PyInstaller reads a Python script written by you. It analyzes your code to discover every other module and library your script needs in order to execute. Then it collects copies of all those files -- including the active Python interpreter! -- and puts them with your script in a single folder, or optionally in a single executable file.

PyInstaller is tested against Windows, macOS, and GNU/Linux. However, it is not a cross-compiler: to make a Windows app you run PyInstaller in Windows; to make a GNU/Linux app you run it in GNU/Linux, etc. PyInstaller has been used successfully with AIX, Solaris, FreeBSD and OpenBSD, but is not tested against them as part of the continuous integration tests.

Main Advantages

  • Works out-of-the-box with any Python version 3.8-3.12.
  • Fully multi-platform, and uses the OS support to load the dynamic libraries, thus ensuring full compatibility.
  • Correctly bundles the major Python packages such as numpy, PyQt5, PySide2, PyQt6, PySide6, wxPython, matplotlib and others out-of-the-box.
  • Compatible with many 3rd-party packages out-of-the-box. (All the required tricks to make external packages work are already integrated.)
  • Works with code signing on macOS.
  • Bundles MS Visual C++ DLLs on Windows.


PyInstaller is available on PyPI. You can install it through pip:

pip install pyinstaller

Requirements and Tested Platforms

  • Python:
    • 3.8-3.12. Note that Python 3.10.0 contains a bug making it unsupportable by PyInstaller. PyInstaller will also not work with beta releases of Python 3.13.
  • Windows (32bit/64bit/ARM64):
    • PyInstaller should work on Windows 7 or newer, but we only officially support Windows 8+.
    • Support for Python installed from the Windows store without using virtual environments requires PyInstaller 4.4 or later.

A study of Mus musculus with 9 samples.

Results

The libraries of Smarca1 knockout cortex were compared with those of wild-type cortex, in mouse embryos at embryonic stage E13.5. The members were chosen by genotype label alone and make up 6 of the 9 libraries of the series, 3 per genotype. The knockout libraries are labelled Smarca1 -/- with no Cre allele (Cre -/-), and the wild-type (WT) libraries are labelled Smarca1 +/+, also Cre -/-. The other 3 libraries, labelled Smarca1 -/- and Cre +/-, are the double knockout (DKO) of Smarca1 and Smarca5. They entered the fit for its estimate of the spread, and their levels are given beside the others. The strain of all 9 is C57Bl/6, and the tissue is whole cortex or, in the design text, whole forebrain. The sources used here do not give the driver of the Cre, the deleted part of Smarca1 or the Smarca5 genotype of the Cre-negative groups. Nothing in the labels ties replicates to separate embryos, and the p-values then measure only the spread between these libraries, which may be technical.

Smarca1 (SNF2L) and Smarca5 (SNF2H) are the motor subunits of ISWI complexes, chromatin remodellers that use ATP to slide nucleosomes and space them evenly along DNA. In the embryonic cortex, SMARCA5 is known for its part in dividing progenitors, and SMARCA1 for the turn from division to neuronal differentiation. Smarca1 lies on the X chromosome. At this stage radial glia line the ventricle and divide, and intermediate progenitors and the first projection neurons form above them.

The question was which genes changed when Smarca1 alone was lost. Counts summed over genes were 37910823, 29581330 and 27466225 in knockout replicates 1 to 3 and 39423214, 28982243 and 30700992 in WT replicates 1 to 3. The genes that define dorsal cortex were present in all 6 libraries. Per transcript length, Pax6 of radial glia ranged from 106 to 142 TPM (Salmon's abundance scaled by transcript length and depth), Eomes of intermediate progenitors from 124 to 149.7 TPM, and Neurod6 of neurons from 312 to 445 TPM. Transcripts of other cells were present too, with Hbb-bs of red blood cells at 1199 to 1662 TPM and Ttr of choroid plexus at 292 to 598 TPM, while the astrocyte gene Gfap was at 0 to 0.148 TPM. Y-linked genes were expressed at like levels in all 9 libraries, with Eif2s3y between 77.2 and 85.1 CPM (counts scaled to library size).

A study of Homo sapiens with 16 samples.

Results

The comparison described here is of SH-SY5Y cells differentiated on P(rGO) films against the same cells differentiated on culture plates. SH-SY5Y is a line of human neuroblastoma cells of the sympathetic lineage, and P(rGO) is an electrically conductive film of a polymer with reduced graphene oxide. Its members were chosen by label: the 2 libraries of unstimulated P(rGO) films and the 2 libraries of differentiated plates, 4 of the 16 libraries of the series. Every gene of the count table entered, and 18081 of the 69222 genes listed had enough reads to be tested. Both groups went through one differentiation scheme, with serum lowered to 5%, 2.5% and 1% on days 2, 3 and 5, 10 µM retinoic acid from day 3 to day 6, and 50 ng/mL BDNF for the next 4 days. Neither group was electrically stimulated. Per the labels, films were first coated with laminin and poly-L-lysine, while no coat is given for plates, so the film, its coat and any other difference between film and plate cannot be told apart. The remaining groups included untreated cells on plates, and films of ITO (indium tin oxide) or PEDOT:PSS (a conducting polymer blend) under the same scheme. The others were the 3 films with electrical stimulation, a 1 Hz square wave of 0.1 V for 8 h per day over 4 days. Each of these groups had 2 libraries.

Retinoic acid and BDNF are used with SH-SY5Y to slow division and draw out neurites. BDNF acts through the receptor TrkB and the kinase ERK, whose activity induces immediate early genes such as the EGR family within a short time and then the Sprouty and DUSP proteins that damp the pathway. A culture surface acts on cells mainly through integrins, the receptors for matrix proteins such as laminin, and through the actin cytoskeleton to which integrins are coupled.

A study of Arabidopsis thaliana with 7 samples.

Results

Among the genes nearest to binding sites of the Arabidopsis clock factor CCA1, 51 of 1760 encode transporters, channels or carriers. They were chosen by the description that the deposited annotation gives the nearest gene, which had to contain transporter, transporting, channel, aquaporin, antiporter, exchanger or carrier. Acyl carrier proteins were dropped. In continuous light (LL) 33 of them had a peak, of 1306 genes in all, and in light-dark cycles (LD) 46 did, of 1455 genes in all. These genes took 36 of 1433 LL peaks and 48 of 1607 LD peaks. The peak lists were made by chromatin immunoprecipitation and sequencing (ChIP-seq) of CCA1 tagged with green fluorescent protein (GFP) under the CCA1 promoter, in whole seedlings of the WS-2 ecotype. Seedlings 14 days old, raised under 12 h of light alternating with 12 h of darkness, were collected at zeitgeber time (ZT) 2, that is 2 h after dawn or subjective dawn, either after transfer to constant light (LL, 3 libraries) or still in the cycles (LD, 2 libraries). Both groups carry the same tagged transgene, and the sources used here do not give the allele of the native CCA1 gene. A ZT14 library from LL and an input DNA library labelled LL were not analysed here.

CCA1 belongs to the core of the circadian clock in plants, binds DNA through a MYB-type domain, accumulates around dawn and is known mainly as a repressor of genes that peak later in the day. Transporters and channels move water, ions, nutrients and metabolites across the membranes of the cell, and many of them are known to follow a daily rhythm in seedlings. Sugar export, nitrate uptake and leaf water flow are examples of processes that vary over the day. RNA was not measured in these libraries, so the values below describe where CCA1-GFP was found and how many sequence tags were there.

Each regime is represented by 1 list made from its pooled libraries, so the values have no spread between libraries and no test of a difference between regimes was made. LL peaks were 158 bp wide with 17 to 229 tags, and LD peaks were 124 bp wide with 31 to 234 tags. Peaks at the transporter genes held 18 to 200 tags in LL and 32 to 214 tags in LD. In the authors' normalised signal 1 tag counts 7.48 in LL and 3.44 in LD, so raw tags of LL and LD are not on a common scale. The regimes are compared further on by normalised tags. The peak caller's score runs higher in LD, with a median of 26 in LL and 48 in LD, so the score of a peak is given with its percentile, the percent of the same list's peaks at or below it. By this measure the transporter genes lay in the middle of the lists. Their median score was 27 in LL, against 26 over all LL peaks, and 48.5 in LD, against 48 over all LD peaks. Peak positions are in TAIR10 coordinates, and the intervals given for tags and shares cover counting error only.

• Linux:
    • GNU libc based distributions on architectures x86_64, aarch64, i686, ppc64le, s390x.
    • musl libc based distributions on architectures x86_64, aarch64.
    • ldd: Console application to print the shared libraries required by each program or shared library. This typically can be found in the distribution-package glibc or libc-bin.
    • objdump: Console application to display information from object files. This typically can be found in the distribution-package binutils.
    • objcopy: Console application to copy and translate object files. This typically can be found in the distribution-package binutils, too.
    • Raspberry Pi users on armv5-armv7 should add piwheels as an extra index url then pip install pyinstaller as usual.
  • macOS (x86_64 or arm64):
    • macOS 10.15 (Catalina) or newer.
    • Supports building universal2 applications provided that your installation of Python and all your dependencies are also compiled universal2.


Basic usage is very simple, just run it against your main script:

pyinstaller /path/to/

For more details, see the manual.

Untested Platforms

The following platforms have been contributed and any feedback or enhancements on these are welcome.

  • FreeBSD
    • ldd
  • Solaris
    • ldd
    • objdump
  • AIX
    • AIX 6.1 or newer. PyInstaller will not work with statically linked Python libraries.
    • ldd
  • Linux on any other libc implementation/architecture combination not listed above.

Before using any contributed platform, you need to build the PyInstaller bootloader. This will happen automatically when you pip install pyinstaller provided that you have an appropriate C compiler (typically either gcc or clang) and zlib's development headers already installed.


Changes in this Release

You can find a detailed list of changes in this release in the Changelog section of the manual.